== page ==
The Wine Society: a Portugal focus, 3 Bairrada beauts & a Douro 6 pack
Of the major retailers, I reckon that The Wine Society has the most interesting range of Portuguese wines. Little did I know, until I visited last week, that of the 1700 bottles comprised in its very first opening offer, 1100 bottles were Portuguese. Nor did I appreciate that these wines were left over from an industrial exhibition held at the Royal Albert Hall in 1874. It explains why one of its founders, Major-General Henry Scott, was the Royal Albert Hall’s architect! You can hear Ewan Murray, The Wine Society’s Head of Tastings, Events & PR talk about it on a BBC radio programme here.
Below you’ll find my notes on a trio of top drops from Bairrada listed in the current Portuguese portfolio, together with heads up tasting notes on a forthcoming August offer of six Douro reds. I also had the chance to taste samples short-listed for their November Portuguese offer and, as soon as the final line up is confirmed, I’ll let you know more, because it included some exciting wines that I’d not come across before. Watch this space, and for highlights of their Australia, the Loire and South Africa range. And click here to find out more about The Wine Society, including how to join.
3 Bairrada beauts
Vinhos Doidos Bossa 2009 (Bairrada) – lemon rind and grapefruit to the nose and palate. Nice weight and freshness betrays the skilful hand of Filipa Pato, one of my favourite Portuguese producers. This is a very attractive, characterful white for only £6.75 – blows the supermarket fodder at this price out of the water!
Quinta da Rigodeira Baga Bairrada 2005 (Bairrada) – a smoky, toasty oak veneer on nose and palate adds a savoury twist to a vibrant core of juicy black and red fruits supported by fine tannins. A well made Baga, approachable now and with plenty of go too. Another great buy for a wine of such character at £7.50.
Quinta do Encontro Preto Branco 2004 (Bairrada) – a lovely inky/floral nose and palate with well-defined sweet red cherry and currant fruit. Great freshness, line and length with elegant fine-grained tannins. A poised and perfumed blend of Touriga Nacional, Bical (a white variety) and Baga from Dao Sul which you can drink now or keep for a decade. Yep, another excellent buy at £11.95. Decant before serving to allow it to open up.
A Douro six pack
A six pack that shows off the Douro very well.
Conceito Contraste 2007 – Conceito’s Rita Ferreira is an exciting young producer to watch (a report on my recent tasting & lunch with Rita to follow). This entry level wine from her range is well balanced with fleshy red and black cherry fruit, cherry stone, dried herbs and warm earth. Though ripe, there’s a nice bit of grip to the tannins which suggests it would pair well with food. Good to go now and will keep a few years.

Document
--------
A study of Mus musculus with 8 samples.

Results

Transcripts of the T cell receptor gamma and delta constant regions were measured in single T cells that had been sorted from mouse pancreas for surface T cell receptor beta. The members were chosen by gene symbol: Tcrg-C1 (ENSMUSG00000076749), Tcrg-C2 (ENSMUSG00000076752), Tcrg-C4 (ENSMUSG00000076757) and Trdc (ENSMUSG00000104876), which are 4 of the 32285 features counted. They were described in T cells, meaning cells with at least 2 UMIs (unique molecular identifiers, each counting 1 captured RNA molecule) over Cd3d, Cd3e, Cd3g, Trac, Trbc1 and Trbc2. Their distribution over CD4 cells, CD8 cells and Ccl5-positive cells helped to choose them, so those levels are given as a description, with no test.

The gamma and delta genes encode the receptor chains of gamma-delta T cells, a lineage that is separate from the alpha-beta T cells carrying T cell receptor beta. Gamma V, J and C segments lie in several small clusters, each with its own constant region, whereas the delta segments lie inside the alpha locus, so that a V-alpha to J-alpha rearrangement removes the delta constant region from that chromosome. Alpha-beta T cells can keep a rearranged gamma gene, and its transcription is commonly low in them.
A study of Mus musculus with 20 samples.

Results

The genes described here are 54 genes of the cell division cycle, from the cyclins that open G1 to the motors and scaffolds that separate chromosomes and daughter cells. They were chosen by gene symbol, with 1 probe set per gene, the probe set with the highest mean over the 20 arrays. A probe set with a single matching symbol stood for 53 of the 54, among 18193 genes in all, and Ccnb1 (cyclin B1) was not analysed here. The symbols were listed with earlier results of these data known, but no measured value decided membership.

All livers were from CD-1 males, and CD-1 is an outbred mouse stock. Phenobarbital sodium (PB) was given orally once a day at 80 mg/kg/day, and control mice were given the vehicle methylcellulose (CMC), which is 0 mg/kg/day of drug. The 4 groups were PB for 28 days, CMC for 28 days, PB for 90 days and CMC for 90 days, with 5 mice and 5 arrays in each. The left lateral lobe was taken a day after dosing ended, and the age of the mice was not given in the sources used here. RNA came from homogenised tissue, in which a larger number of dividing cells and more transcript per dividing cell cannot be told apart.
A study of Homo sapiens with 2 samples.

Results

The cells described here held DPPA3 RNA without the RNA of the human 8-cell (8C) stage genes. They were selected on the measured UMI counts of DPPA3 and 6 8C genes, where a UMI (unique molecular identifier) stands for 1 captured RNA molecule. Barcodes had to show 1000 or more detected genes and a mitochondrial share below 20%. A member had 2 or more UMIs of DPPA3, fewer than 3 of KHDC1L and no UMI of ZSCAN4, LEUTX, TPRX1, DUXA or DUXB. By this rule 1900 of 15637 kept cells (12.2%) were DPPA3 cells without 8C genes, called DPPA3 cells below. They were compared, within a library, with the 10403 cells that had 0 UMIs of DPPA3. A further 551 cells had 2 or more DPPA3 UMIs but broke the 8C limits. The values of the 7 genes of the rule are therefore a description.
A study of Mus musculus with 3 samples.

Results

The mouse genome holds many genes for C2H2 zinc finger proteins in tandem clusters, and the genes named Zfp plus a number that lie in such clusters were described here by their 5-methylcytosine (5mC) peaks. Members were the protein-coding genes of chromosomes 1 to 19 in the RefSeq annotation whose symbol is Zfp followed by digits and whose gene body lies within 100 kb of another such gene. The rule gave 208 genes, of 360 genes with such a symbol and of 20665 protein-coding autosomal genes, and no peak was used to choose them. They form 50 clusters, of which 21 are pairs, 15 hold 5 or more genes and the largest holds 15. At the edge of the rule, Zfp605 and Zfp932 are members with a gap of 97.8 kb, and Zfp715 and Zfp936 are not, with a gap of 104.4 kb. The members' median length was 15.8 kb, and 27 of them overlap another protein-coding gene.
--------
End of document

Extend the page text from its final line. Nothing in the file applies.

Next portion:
Quinta do Vale Meao Meandro 2007 – this, the second wine of this leading Douro Superior estate (see my profile here), is looking very refined, structured and elegant in 2007. A blend of 30% Touriga Nacional, 30% Touriga Franca, 30% Tinta Roriz and 10% Tinta Barocca it’s mineral (a touch of salt lick here) and sinewy with tight knit red and black cherry and berry fruit. Really very good. Drinking now but maybe better in a year or so and will keep several years.
Quinta do Vesuvio Pombal 2007 – a fleshy, open knit wine with smooth, ripe tannins whose darker mocha and figgy notes are well balanced by a core of fresh red berry fruit. (My notes on a recent visit to Vesuvio including a tasting of the top wine, Quinta do Vesuvio, to follow).
Quinta la Rosa Reserva 2005 – a complex, layered wine with fresh and baked cherry fruit, mostly black, some red, with attractive eucalypt and dried sage notes wrapped around a firm back bone of tannins. Good length and still quite tight. Very good. Broachable now, though would reward keeping a year or so and will keep a decade plus.
Passadouro Reserva 2005 – I love the chiselled minerality and sinewy tannins of the Reserve, both signature notes of this wine. The fruit is concentrated and compact with tighly coiled black currant and berry fruit. Excellent – one to hold a couple of years and will easily last 10 plus years.
Prats & Symington Chryseia 2005 – the nose and palate show savoury, smoky bacon oak which, in the mouth, is well matched by concentrated yet elegant berry fruit with a complexing undertow of minerals; pretty youthful and tight with ripe but powerful tannins, it’s broachable now but again, would benefit from a couple of years in bottle and will cruise along nicely for ten years plus. I’m told that a recent vertical of Chryseia back to 2000 (the first vintage) confirmed its ageability. I’ll shortly be writing up notes of my visit to Quinta do Roriz, the new home of Chryseia (pictured).